Luxor by plane
- $200 for ages 12 and above
- $190 for children aged 6-11
- $150 for children aged 3-6 and children under 3 with a seat on the plane and bus
- Free for children under 3 if they do not occupy a seat on the plane and bus
- Transfer from the hotel to the airport around 4:00 AM, depending on the hotel's location (the flight takes about 1.5 hours).
- Flight from Sharm El Sheikh to Luxor.
- City of the Living: Visit to the Karnak Temple Complex (scarab beetle statue, sacred lake).
- Boat ride to the other side of the Nile.
- Lunch at a riverside restaurant (buffet).
- City of the Dead: Colossi of Memnon, Valley of the Kings, visit to the Temple of Queen Hatshepsut.
- Optional boat trip to Banana Island (booked with the guide).
- Stone products factory / perfume factory.
- Flight from Luxor to Sharm El Sheikh.
- Transfer from the airport, arrival at the hotel around 9:00 PM.
*The order of activities may vary depending on the flow of tourists.
- Comfortable footwear.
- Warm clothing in winter months.
- Money for personal expenses.
- An Egyptian visa is required. If you only have a Sinai stamp, we can assist you in obtaining a tourist visa before the excursion. Cost: $30, $25 for the visa, and $5 for our services.
- Booking at least 2 days in advance.
- Prepayment of $100 per person to purchase plane tickets, non-refundable in case of cancellation of the excursion.
- Transportation service.
- Plane tickets for the Hurghada - Luxor - Hurghada route.
- Guide - egyptologist.
- Entrance tickets.
- Lunch at a restaurant.
- Additional expenses not included in the program.
- Beverages at the restaurant.
- Boat trip to Banana Island - $10.
Luxor is rightfully considered the largest open-air museum, with its name derived from the Arabic “El-Uksur,” meaning “palaces.” The Nile River divides the city into two parts: the right (eastern) bank, known as the “City of the Living,” and the left (western) bank, known as the “City of the Dead.”
We offer various excursion programs that include the most interesting attractions, but it is impossible to cover everything within the framework of standard group excursions. For those who wish to see more, we organize individual tours in Luxor.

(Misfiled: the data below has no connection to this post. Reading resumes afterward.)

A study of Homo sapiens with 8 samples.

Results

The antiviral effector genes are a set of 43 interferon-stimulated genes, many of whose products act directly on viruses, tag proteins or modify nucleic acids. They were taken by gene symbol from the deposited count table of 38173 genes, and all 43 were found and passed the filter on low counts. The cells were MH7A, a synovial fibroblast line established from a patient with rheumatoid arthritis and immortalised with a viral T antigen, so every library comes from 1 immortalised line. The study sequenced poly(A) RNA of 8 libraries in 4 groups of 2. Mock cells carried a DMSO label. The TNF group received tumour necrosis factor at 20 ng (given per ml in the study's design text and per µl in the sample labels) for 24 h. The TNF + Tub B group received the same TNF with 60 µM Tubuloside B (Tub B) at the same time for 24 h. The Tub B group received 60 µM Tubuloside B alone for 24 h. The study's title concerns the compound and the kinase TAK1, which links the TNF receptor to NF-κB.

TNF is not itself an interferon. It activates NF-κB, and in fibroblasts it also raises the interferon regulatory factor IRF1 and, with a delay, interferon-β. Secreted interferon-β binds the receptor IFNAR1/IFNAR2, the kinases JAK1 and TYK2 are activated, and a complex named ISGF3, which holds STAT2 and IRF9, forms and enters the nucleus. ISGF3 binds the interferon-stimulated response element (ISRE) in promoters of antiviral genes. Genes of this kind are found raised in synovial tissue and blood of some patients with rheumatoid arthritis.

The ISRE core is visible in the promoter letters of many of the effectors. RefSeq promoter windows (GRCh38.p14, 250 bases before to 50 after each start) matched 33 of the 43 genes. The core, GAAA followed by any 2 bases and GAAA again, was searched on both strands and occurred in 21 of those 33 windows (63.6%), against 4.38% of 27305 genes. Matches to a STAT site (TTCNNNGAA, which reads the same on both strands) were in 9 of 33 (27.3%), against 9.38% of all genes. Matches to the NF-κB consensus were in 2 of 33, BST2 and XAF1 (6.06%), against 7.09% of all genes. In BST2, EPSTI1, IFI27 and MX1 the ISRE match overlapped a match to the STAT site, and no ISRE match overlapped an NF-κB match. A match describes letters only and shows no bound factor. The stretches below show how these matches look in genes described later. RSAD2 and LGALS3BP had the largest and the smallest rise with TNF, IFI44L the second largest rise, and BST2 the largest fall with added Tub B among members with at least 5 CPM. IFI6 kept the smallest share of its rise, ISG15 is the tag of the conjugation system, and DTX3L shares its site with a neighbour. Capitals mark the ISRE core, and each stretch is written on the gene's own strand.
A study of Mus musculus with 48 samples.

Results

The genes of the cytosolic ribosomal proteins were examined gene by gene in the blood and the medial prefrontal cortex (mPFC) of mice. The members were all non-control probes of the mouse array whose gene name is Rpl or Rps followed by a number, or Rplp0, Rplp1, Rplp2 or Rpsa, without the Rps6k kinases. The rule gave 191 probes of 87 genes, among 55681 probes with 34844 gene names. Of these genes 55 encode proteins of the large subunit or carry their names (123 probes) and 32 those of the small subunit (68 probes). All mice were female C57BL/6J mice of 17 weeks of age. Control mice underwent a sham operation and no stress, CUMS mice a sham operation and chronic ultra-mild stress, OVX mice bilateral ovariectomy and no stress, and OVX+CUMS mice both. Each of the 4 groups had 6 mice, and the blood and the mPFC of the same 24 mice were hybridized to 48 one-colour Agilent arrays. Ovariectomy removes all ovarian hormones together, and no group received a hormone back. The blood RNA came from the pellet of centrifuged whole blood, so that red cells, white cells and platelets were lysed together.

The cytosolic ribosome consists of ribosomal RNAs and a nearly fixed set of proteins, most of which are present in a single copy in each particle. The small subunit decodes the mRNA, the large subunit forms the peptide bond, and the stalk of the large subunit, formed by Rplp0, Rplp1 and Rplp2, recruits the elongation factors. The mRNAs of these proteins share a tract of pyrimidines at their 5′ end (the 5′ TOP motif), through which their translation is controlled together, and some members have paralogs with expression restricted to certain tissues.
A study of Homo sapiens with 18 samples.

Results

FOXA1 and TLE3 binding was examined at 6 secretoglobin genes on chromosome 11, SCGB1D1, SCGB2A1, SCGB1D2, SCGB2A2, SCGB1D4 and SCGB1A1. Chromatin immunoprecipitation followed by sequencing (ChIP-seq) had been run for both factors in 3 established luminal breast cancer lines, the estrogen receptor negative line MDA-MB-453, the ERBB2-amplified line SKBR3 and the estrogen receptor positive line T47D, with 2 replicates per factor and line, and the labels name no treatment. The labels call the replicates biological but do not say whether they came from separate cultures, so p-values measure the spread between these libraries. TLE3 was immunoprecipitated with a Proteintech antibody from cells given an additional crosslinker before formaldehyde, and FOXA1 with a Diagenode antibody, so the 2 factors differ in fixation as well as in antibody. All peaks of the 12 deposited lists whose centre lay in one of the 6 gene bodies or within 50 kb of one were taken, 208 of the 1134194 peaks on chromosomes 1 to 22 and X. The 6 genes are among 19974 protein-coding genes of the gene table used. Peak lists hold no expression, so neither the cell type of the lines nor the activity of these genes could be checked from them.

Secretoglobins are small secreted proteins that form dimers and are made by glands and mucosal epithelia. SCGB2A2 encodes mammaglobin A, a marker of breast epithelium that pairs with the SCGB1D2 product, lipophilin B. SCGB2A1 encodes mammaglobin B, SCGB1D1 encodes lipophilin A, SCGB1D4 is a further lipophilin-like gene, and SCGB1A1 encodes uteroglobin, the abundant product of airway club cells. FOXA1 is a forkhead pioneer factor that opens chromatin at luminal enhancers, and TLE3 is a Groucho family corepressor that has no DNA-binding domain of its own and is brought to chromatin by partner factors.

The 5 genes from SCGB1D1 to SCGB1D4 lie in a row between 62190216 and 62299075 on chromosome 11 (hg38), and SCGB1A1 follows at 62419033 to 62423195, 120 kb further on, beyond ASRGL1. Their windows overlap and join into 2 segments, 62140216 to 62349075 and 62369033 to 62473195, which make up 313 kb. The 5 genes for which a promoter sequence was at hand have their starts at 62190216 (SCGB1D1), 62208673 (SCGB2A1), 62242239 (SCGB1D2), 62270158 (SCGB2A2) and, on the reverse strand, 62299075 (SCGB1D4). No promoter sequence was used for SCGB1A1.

The Karnak Temple Complex covers an area of 1.5 km by 700 m. The construction of the complex began in the 20th century BC and lasted for 13 centuries. Karnak is the only temple consisting of 10 halls and having 10 gates (pylons). The statue of the scarab beetle, which according to legend grants wishes, and the sacred lake measuring 129 by 77 m and used in the past for ritual ablutions, are of particular interest during the excursions. The sacred path, represented by an avenue of sphinxes, leads from the Karnak Temple Complex to the Luxor Temple.
The Colossi of Memnon are the only surviving remnants of the temple of Amenhotep III, built around 1400 BC. The temple was completely destroyed by an earthquake around 1200 BC, but the colossi remained. Another strong earthquake in the 27th century BC partially destroyed the left statue, and at sunrise, the colossus began to sing. However, after the restoration of the colossus in 199 AD, the singing ceased.
The tombs in the Valley of the Kings were used from the 16th to the 11th century BC. Currently, more than 50 pharaohs’ tombs have been excavated, but archaeological excavations are ongoing. The most famous tomb, that of Tutankhamun, was discovered in 1922 and became the basis for the legend of the “Curse of the Pharaohs.”
The Temple of Queen Hatshepsut was built between 1482 and 1473 BC. The ancient name of the temple, Djeser-Djeseru, translates to “Holiest of Holies.” The temple of the female pharaoh was a place of pilgrimage where people left requests for assistance or healing from diseases on the walls.
During the visit to Banana Island, you can see not only how bananas grow but also other fruits such as mangoes and mandarins, as well as sugar cane, mint, and various spices. There is a cafe on the island where freshly picked bananas will be offered to you for free, and you can also pick them directly from the “banana tree” (bush) during your walk on the island.
The stone products factory (alabaster factory) partly resembles a museum. During the visit, you will learn about the technology of producing alabaster products and find out how genuine alabaster items differ from imitations. If desired, you can purchase souvenirs made of genuine stone.
At the perfume factory, the guide will explain the manufacturing techniques of oils and perfumes. The factory’s shop offers high-quality oils and oil-based perfumes for sale.